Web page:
Scottish Government's Town Centre Action Plan


Few readers will be unaware of the Portas Review, which Mary Portas prepared for the Westminster Government in December 2011. The Review contained recommendations for saving the high street in England and Wales. There was even a follow-up tv series fronted by Portas.

Receiving slightly less media attention was the report prepared by an advisory group headed by "Scotland's Portas" – architect Malcolm Fraser – as part of the Scottish Government's National Review of Town Centres.

The Scottish Government issued their formal response to that report on 7 November.

Content of Response

The response accepts the Portas mantra that town centres need to get back to their roots with a better mix of uses, including residential.

But a variety of key players all need to play their part in effecting change: property owners, retailers, the Treasury, various Scottish Government departments and local authorities. In recognition of that, the formal response is cross-Government, and tends to more of a "nudge" than a "top-down" approach.

There is a lot of focus on "encouraging" people and organisations to do things, for example:

giving local authorities powers to establish Town Centre Investment Zones, using discretionary rates relief to encourage local business;
encouraging entrepreneurship in town centres through an Entrepreneurship and Innovation Framework and through funding available to third sector organisations; and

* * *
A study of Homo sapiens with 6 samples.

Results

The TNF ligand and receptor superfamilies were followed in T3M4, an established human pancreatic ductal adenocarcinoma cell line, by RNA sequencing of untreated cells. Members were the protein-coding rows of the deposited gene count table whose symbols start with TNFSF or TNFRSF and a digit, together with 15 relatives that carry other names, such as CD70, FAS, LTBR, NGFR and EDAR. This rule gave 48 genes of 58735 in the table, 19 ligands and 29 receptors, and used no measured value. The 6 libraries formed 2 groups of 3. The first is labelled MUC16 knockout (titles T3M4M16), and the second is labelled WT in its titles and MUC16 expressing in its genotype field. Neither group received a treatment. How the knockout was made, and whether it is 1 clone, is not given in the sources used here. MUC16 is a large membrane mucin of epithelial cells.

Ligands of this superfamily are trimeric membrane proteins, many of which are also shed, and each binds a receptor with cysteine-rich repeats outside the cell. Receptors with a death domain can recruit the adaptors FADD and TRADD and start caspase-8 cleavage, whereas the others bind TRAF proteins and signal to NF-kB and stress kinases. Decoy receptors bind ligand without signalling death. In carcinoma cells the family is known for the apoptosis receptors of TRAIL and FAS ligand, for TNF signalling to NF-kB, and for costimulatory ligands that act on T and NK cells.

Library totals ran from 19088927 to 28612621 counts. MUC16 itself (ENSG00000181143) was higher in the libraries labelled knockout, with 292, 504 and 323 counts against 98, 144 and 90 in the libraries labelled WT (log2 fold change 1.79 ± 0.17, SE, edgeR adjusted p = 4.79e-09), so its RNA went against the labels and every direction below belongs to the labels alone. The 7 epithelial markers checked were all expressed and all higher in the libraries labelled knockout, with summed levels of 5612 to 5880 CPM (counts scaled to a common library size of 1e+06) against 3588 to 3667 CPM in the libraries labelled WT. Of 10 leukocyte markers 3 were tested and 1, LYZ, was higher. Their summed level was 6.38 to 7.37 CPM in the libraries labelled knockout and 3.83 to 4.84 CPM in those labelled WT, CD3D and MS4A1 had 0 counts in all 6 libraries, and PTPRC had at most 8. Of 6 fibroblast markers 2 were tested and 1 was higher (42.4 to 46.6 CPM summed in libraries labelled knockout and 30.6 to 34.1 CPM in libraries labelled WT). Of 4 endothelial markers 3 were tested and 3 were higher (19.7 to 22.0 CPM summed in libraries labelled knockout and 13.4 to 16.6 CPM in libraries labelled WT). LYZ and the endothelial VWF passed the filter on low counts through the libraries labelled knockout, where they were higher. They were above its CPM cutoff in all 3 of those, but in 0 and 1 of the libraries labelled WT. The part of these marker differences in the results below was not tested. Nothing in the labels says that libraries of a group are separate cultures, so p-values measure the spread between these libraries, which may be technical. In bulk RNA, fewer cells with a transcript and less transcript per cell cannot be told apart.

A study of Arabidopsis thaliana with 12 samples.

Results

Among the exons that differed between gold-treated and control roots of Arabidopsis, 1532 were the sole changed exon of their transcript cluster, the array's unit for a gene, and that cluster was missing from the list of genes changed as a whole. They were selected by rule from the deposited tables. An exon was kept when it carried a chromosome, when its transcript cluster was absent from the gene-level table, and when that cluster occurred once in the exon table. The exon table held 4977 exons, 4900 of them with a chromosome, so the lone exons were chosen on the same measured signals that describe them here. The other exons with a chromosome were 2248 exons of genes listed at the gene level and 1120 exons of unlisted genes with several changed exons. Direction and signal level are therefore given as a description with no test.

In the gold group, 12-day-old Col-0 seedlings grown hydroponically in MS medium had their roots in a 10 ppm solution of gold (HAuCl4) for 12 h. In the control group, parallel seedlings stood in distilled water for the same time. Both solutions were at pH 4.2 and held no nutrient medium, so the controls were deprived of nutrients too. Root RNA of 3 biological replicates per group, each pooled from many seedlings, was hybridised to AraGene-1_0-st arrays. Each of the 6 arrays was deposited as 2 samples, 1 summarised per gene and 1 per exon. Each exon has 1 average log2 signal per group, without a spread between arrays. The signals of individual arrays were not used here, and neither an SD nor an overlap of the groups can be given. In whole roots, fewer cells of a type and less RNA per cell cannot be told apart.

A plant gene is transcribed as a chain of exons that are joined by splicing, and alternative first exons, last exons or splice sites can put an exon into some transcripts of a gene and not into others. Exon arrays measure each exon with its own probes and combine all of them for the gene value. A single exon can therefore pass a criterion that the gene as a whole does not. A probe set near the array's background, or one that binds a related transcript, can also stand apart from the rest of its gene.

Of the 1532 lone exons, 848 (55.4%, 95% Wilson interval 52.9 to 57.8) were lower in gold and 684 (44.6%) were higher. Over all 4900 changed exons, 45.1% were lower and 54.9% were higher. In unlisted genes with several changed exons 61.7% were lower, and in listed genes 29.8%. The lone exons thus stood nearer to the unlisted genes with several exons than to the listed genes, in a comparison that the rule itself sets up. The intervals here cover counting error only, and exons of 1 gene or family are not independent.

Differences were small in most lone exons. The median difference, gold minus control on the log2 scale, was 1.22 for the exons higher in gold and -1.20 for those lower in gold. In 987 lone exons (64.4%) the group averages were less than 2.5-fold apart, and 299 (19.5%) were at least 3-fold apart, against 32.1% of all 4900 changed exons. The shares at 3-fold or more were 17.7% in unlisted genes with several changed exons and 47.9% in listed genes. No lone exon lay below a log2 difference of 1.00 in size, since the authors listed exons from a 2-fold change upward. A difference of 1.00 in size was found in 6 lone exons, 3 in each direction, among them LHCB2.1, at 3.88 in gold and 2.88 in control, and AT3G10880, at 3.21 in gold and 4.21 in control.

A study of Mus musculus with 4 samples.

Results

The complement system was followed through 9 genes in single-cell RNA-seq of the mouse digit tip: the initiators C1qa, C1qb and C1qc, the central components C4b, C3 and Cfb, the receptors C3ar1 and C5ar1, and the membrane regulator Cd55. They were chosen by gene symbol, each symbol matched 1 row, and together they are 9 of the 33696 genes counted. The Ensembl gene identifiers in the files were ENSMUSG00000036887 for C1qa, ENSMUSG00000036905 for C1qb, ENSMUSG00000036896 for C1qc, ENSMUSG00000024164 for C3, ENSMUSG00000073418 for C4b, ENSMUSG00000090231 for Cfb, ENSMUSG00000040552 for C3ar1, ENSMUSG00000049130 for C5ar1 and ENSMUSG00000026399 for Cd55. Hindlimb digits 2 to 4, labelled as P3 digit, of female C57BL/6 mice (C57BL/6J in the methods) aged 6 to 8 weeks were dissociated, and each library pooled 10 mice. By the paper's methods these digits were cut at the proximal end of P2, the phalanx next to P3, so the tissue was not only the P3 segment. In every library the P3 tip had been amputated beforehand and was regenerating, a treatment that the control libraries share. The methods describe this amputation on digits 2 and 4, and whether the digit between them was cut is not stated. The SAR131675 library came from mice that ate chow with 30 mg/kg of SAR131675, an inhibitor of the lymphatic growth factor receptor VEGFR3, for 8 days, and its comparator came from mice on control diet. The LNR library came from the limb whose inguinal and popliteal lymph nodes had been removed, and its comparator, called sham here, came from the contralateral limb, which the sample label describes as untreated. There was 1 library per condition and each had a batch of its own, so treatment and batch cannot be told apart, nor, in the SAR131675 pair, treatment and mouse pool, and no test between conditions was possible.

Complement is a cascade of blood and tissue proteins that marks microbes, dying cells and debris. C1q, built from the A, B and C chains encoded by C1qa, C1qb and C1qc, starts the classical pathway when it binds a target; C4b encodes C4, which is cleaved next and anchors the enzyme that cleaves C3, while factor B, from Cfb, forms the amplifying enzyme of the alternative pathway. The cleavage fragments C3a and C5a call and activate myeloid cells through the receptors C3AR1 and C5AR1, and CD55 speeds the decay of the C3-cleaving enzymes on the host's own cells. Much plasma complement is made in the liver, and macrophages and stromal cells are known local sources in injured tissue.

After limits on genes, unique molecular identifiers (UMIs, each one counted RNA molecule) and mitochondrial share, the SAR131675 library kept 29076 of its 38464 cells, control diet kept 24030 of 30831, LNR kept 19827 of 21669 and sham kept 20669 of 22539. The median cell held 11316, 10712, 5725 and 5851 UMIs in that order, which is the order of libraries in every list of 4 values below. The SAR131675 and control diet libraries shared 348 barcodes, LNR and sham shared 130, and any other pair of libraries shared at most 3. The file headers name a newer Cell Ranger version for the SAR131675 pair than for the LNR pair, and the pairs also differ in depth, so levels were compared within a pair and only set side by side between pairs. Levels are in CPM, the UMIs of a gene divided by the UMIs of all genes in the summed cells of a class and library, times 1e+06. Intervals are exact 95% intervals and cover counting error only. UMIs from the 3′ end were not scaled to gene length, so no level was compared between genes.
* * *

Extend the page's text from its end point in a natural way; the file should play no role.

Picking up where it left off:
supporting community-led activity that supports town centres.

Specific actions include:

committing £2m towards a Town Centre Housing Fund – to act as a demonstration project to help bring empty town centre properties back into use as affordable housing; and
creating incentives to bring long term vacant premises back into use, including expanding Fresh Start rates relief – which halves business rates for companies occupying previously empty property – to apply to pubs, hotels and restaurants from April 2014.

And there's one particular commitment which gets only four lines in the response, but could be particularly important in the fight to save Scottish town centres.

The Scottish Government has undertaken to include an updated "town centre first" planning policy and associated "sequential test" in the final Scottish Planning Policy, due for publication in Summer 2014.

It has become evident to many that – to allow town centres to compete with out-of-town developments – clearer guidance needs to be issued to explain when out-of-centre proposals should be altered or reduced in scale so that they can be accommodated within town centres. Will the Scottish Government's undertaking lead to just that clarity appearing?